Western Australian Opera with Western Australian Symphony Orchestra
His Majesty's Theatre
WA Opera’s world premiere production of Tchaikovsky’s Iolanta shows this one act opera through the eyes of the blind heroine. In collaboration with DADAA and WA’s blind and vision impaired community, the libretto has been re-written to incorporate lived experience of a person who cannot see light.
Photos by Clinton Bradbury
In the titular role of Iolanta, Elena Perroni sings Tchaikovsky’s writing, accompanied by performer Grace King in the role of Queen Iolanta; a role that was written into this adaptation. Grace enters the stage where she stands in front of a wooden bench, introducing herself to the audience as Queen Iolanta and talking the audience through her surroundings. King describes the outfit she is wearing, specifying the details of her costume and her garden where the majority of the work is set. King's narration gives the audience insight into her world. Throughout the work, King re-enters the stage to provide her commentary of lived experience as the story unfolds.
The opera opens with the curtain up, while eleven mannequins gowned in Tyler Hills costume designs stand on the bare raked stage. The costumes reflect multiple layers of historical context from the original telling of the story from the 1400s, to Tchaikovsky’s 1800s adaptation and the early 1900s architecture of His Majesty’s theatre. I found it unusual to start the work with the character costumes on display, but soon realised this would be the last time we got to see them as the opera was performed in darkness.
In creating the world within Iolanta’s mind, the women’s chorus lined the front row of the lower balcony, producing an immersive and surround sound experience accompanied by different scents that were released into the theatre throughout the performance. Led by Chris Van Tuinen, the orchestra provided a robust, yet delicate accompaniment to the younger voices. Perroni’s inward and sensitive performance was very grounded and felt informed by her personal connection to understanding the world without sight. Performing the role of Count Vaudemont, Matthew Reardon shone as he stepped in to sing the role at short notice. Fiona Campbell, Brigitte Heuser and Chelsea Burns gave superb ensemble performances, bringing so much musical colour and fun to the performance.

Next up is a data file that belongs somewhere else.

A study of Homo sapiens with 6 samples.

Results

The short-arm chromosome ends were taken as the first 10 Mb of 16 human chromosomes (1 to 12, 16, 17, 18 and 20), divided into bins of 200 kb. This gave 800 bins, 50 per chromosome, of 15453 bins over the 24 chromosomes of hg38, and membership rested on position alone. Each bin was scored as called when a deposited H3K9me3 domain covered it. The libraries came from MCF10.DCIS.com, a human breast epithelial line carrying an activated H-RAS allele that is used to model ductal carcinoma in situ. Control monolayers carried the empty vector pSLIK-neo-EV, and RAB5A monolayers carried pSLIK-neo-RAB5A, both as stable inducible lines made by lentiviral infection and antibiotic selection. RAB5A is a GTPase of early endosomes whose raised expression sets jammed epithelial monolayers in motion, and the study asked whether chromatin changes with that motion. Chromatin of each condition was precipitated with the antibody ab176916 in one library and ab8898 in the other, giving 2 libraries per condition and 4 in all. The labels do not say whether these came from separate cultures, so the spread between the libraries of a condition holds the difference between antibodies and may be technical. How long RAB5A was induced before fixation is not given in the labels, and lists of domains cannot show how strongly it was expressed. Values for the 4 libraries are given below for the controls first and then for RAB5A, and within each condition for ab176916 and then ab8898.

Staged completely in shadow and embodying the ever-changing role that art plays in society, Iscel’s libretto aims to change negative attitudes and a narrative of pity which she has experienced throughout her life as a blind person. King’s narration strays away from Tchaikovsky’s original libretto, to follow a story that better represents real life. It highlighted how Iolanta was held captive; not by her blindness, but by the ignorance and assumptions of those around her. Instead of regaining her sight and falling in love as the fairy-tale goes, Iscels’ Iolanta remains blind. Queen Iolanta highlights that she does not want her sight restored, as she adores the beauty she sees in her minds eye. This production puts a twist on the ending in that she does live happily ever after with her true love, but she does it whilst remaining blind.
Director Katt Osborne and disability advocate Zel Iscel drive this nuanced, perspective shifting work with an element of humanity and inclusiveness which I hope to see incorporated in the opera platform in the future.